Attracting quality candidates for a job is a top complaint among those looking to hire employees. Lori Culler of AgHires presented a seminar at World Ag Expo to help employers improve their hiring strategies.
The unemployment rate is quite low at this time, and the type of talent needed on your farm is changing. Most likely you need a thinker – someone with leadership skills who can be trained. The baby boomers are retiring and leaving the workforce, and a new generation will have to replace them. This adds up to a candidate-driven market, and they are in control of what work they want to do and for whom.
Getting a job used to be more by word-of-mouth, but today’s job seekers use social media in their search. Not only to find the job, but to do background investigation on the company and its people. They want to feel like they belong or fit into the new dynamic.
Here are some of the tidbits Culler shared:
1. Three-quarters of people are open to a new job — even if they currently have one.
That means that even if you have found a super employee, the great majority of the time they will still be looking for something better. Make sure you consider turnover during the entire hiring process as you could be searching for new team members more frequently.
2. Don’t wait until you have a job opening
Culler encouraged employers to be in constant recruitment mode. Think about who would replace a long-time employee when he or she retires. Someone that is well-versed in your operation will take more time to locate than a part-time staff member. It could take a year to find that integral person to join the operation and replace a valuable cog.
3. Candidates look for:
a. Cultural fit
b. Seeing the impact of their work
c. Work-life balance
The reality is that production farming is not known for its work-life balance. The speaker was well aware of the time commitment struggles of farming as she was raised on a vegetable and crop farm. However, she offered a suggestion. When those crazy long workdays happen at the height of the season, know that they will not last forever. She encouraged employers to make compensations to allow for extra time off when the super busy season has concluded.
Her data showed that to get one person hired, the job advertisement needs to reach 1,594 potential applicants. If you are looking for certain skill sets, your number may be higher. Weed through the applicants, dive deeper into their qualifications, and sort through those that remain. Then interview them (initially over the phone) to curtail the list. Those who make the cut after the initial personal contact should be invited for an interview over lunch so you can learn about their personality and habits. She encouraged employers to offer a walking tour of the operation to gauge the interest level of candidates in the surroundings.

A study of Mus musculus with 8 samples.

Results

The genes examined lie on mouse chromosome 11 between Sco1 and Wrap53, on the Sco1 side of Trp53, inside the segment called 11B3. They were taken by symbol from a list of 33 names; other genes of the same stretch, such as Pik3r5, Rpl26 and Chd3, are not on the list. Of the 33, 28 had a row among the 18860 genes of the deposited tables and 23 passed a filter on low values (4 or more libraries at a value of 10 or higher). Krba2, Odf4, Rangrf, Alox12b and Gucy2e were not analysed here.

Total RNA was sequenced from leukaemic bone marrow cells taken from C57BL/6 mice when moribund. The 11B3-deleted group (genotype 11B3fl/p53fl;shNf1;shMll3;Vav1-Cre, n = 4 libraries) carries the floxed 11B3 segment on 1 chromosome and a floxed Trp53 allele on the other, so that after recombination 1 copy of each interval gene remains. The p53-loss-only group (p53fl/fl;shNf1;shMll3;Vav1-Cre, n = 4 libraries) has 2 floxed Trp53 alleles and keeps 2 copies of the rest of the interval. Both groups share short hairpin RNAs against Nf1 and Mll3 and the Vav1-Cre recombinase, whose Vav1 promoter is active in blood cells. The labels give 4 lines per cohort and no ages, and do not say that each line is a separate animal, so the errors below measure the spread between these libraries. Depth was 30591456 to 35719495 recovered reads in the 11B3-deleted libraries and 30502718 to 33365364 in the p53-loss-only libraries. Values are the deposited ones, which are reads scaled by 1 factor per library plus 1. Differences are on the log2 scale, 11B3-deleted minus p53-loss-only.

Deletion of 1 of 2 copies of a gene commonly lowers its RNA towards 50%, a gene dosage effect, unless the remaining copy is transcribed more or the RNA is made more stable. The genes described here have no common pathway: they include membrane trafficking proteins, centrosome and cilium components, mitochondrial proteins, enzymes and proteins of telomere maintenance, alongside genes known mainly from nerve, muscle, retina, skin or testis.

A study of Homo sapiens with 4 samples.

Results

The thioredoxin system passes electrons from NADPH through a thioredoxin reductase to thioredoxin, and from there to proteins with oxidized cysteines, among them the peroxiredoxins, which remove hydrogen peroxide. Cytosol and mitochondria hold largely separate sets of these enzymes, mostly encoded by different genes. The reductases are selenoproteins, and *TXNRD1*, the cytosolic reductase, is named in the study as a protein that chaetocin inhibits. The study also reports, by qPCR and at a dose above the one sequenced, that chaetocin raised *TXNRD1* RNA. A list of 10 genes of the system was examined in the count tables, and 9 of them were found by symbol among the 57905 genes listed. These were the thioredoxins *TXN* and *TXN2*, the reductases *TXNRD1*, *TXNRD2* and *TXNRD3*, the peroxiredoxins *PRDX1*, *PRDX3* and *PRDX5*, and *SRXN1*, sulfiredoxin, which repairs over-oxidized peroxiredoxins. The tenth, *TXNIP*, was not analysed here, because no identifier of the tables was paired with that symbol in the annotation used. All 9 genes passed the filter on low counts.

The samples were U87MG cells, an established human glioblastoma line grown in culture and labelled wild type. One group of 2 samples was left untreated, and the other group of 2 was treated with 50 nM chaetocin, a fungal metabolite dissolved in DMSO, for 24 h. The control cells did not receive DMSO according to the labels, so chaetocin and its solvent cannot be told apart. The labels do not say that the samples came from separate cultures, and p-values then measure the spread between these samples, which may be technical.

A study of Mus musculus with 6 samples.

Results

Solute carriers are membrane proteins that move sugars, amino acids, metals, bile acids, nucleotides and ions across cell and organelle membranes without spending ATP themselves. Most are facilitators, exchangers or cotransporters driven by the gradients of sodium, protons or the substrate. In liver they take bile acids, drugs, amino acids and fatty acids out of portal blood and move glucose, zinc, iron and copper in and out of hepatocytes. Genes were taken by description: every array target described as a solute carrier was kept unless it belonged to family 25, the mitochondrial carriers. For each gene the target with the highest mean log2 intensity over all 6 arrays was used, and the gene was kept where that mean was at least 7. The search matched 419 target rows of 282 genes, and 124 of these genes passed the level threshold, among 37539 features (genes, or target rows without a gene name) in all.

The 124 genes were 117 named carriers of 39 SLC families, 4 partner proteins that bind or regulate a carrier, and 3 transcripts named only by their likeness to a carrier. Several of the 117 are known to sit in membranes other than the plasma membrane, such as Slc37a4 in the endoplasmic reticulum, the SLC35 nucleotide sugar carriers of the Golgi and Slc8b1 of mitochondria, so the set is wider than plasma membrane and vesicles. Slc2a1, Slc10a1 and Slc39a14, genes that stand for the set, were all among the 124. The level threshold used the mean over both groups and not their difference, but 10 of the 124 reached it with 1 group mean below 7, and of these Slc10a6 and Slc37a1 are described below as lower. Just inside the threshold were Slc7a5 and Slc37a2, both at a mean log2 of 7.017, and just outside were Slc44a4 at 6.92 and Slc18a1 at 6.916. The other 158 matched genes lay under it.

While salary is a key component of hiring someone, there are a few states that forbid asking what the candidate’s current salary or hourly rate is.
Also, ask yourself if they are a good fit with other staff members. When you are getting ready to make your final choice, it is important that the leadership team of your company meet with the candidate, not just co-workers or direct reports.
With the online employment service AgHires, Culler reported that companies that disclose the position’s salary on their website get twice the applicants. Meanwhile, some job descriptions can be vague. This frustrates potential hires, as 74 percent of them are disappointed in the lack of information provided in the job description.
In a tight market, she suggested targeting other industries outside of mainstream agriculture. This may include construction or the military. Look for people skills and then teach them about your agricultural enterprise.
Your position may be part-time only. There are some individuals who have other commitments but could be a good fit as a part-time employee. This does not just apply to general laborers; it could include technology or marketing staff as well.
She also encouraged employers to draw on the benefits of the job. Being outdoors, rather than an office, is a huge benefit to some employees. Baring extreme heat and cold, fresh air is certainly a selling point.
Finding new employees is rarely a favorite task among farm owners and operators, but it is a job that needs to be done if your business is to continue. Being skilled at it can net valuable additions to your team. Approaching it half-heartedly will just lead to a cycle of short-term, fill-in employees.
The author is the online media manager and is responsible for the website, webinars, and social media. A graduate of Modesto Junior College and Fresno State, she was raised on a California dairy and frequently blogs on youth programs and consumer issues.